HAVANA TIMES – Merchant Irlanda Jerez relaunched the proposal for civil disobedience in Nicaragua, which she calls “one of the lethal weapons we have to boycott the Ortega regime through our own earnings and not continue paying taxes,” in an interview with the program “Esta Noche” (Tonight), broadcast online.
The released political prisoner argues that a consumer strike is one of the forms of civil disobedience, as it encourages people to stop consuming liquor, cigarettes or going out to parties. She recognizes the desires of young people, but recalls that the previous generation had to take up weapons and fight a war risking their lives. She notes that now they are only asked to stop consuming because otherwise “they give oxygen [through taxes] to a regime that kidnaps and kill others. It is a matter of conscience,” she said.
Jerez questions the control that the Sandinista Front maintains over the Nicaraguan Council of Micro, Small and Medium-size Enterprises (Conimipyme), from the moment that it was surprisingly announced that Leonardo Torres assumed the presidency of the entity.
“The offices of Conimipyme are taken by Mr. Leonardo Torres, and four others,” who are the only ones that accompany him,” assured Irlanda Jerez.
Torres and those who accompany him “are working directly for the regime. Merchants know it. Last year we convened a press conference to appoint a new Blue and White business board, which has remained in the shadows to protect their lives and the businesses that remain,” she noted.
Jerez insisted that “Leonardo Torres only represents the regime, that criminal and terrorist organization. He does not represent any Nicaraguan belonging to the micro, small and medium-sized companies.”
The released political prisoner said that, although Torres nominally occupies the presidency of the organization, both the merchants and the rest of the micro, small and medium entrepreneurs recognize the work of their leaders, “which had been done since before April 18, 2018.”
“Torres does not represent the interests of this sector, which comprises more than 80% of the country’s labor force,” has an important economic muscle and a significant population weight. The regime knows it: that’s why it imprisoned me on July 18, 2018,” she said.
Jerez believes that this leadership and representativeness remain intact, despite “commerce being brutally affected, with hundreds of businesses burned: more than 300, only in the ‘Mercado Oriental’”
She says that, “in the course of the insurrection many businesses have been abandoned,” after the stores, or the houses of the owners, were marked with words such as “PLOMO” (Bullets) or “golpistas” (coup mongers), which forced hundreds into exile and increased the number of confiscated businesses.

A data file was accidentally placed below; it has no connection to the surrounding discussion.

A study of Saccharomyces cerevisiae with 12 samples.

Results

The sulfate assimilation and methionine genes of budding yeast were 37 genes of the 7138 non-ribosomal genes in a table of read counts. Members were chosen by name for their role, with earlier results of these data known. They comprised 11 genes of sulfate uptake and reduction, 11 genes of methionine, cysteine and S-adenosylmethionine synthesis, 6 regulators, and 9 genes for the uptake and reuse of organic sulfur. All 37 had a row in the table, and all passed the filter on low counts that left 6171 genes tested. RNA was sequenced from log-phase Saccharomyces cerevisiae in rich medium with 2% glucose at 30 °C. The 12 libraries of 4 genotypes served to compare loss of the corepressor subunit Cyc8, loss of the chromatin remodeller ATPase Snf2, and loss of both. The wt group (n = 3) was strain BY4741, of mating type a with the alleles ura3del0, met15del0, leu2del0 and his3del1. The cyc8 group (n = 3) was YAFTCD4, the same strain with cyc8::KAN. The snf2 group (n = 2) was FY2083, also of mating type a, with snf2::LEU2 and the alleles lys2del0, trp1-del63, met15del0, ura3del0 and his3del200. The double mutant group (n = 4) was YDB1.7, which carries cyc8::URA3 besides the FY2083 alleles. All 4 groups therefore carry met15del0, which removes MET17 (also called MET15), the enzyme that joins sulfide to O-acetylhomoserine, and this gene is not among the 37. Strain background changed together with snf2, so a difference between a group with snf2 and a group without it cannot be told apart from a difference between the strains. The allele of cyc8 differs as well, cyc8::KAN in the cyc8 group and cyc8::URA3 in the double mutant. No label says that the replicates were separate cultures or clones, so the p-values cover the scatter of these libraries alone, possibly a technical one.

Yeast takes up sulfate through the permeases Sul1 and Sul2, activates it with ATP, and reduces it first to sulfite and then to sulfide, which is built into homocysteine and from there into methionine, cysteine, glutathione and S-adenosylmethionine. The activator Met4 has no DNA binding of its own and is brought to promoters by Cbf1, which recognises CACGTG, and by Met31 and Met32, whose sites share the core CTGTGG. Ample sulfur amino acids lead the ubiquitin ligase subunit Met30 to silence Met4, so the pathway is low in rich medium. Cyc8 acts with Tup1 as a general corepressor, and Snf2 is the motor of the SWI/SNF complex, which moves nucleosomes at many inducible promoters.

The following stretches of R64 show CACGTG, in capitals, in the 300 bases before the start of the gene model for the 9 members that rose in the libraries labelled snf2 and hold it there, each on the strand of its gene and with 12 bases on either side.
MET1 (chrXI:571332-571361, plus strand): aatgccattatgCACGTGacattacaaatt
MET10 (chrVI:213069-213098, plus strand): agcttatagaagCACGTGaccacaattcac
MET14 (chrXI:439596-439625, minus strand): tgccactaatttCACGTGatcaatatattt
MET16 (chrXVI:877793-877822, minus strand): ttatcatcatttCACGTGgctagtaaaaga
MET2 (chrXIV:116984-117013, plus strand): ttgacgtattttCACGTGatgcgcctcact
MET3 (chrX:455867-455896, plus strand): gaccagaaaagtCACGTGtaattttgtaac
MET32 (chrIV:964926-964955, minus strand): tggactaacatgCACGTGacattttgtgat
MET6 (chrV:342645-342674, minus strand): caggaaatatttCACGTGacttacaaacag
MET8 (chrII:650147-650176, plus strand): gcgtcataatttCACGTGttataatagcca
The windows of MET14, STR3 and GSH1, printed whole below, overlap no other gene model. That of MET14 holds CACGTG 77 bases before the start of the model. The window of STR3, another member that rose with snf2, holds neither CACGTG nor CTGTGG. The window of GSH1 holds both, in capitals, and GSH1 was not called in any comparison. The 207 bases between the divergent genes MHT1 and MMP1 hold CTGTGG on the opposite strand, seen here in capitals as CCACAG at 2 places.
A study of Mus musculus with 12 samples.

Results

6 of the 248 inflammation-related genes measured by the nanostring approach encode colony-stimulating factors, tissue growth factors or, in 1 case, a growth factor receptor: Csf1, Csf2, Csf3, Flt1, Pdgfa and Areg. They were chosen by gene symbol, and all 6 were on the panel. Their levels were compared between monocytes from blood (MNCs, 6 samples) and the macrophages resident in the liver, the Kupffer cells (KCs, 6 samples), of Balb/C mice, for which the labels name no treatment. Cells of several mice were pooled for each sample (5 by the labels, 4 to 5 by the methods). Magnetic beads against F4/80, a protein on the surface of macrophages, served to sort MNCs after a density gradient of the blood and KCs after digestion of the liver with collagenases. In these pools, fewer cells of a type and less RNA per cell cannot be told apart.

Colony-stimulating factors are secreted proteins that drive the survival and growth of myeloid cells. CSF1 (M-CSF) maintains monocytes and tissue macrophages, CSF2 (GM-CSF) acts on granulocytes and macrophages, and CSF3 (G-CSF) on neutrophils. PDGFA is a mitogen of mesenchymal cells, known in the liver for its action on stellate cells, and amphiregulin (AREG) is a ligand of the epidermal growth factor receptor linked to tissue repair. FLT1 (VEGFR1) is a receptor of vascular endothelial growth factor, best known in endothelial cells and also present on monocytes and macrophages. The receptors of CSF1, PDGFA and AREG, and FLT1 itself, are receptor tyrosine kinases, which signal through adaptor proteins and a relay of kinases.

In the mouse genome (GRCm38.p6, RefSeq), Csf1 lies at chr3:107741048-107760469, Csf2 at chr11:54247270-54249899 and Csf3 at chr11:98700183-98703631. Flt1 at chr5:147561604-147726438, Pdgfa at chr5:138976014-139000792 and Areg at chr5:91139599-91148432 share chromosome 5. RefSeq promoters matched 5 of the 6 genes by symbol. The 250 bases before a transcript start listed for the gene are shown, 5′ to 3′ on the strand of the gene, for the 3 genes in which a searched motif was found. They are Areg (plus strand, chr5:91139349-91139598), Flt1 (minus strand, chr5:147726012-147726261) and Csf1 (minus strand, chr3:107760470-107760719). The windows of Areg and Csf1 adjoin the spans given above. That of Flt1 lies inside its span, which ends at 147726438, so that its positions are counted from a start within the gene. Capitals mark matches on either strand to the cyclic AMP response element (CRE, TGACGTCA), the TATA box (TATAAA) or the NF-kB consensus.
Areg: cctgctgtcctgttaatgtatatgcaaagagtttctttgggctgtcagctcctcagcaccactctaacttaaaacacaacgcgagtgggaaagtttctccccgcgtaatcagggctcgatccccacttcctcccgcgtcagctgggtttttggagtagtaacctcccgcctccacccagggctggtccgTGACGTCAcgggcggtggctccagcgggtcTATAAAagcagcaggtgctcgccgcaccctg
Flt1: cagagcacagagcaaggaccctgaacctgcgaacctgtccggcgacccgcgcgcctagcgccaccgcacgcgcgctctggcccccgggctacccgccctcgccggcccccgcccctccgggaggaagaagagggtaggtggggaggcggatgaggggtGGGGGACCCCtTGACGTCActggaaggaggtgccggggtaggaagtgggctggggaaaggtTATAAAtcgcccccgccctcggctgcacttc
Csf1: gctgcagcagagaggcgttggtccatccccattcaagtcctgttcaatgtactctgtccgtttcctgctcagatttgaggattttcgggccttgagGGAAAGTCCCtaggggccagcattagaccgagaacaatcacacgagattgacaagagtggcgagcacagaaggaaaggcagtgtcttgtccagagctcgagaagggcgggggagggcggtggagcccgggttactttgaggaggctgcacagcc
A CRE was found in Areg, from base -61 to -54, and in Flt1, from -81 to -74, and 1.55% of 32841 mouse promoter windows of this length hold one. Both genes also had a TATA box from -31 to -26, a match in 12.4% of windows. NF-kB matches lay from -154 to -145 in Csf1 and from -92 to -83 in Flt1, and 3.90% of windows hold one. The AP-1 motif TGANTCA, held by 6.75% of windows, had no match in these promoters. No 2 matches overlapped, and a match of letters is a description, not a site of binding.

Recalling how the “pyme” (small and medium-sized companies) sector has led the successful national strikes, Jerez believes that they need to continue taking the initiative in the use of new forms of protests and citizens’ resistance, in the mindset that assuming that leadership does not imply more risks, but rather “determination,” “values and unwavering principles.”
Therefore, although she understands that people have made some decisions to protect their lives and their businesses, she believes that “when we fight for freedom, it doesn’t matter how far we go. We have to do everything in our power in this non-violent struggle,” she stated.
Demand for freedom of political “hostages” in Nicaragua
After travelling to El Salvador to present her testimony before the High Level Commission of the Organization of American States (OAS), which the government of Daniel Ortega did not allow to enter Nicaragua, Irlanda Jerez flew to Costa Rica to participate in the march in which the multitude took the opportunity to demand the release of more than one hundred citizens kidnapped by the regime.
“This march was made specifically” to demand “the full and absolute freedom of all the people,” as well as of the 142 political prisoners who remained in the prisons of the regime until the middle of this week, some of which have been kidnapped for more than 15 months.
For them “the pressure must continue: protests, mobilizations, the cries for freedom, especially to demand the release of political hostages, who are prisoners of conscience that the regime has, always trying to negotiate time.”
Jerez observes similitudes between the regime’s behavior and the irregular forces it relies on, with the guerrillas of the Revolutionary Armed Forces of Colombia (FARC), “who kidnapped for money, while they kidnap our brothers to gain time. Time, which is what they need to remain in power,” she specified.
In addition to waiting for the OAS Commission to produce a strong report, which leads to forceful actions, Jerez advocates that the international community finally become aware of the humanitarian crisis experienced by Nicaraguans who sought refuge in Costa Rica, and provide resources to that nation to help them meet the needs of more than 70,000 Nicaraguans that it now accommodates.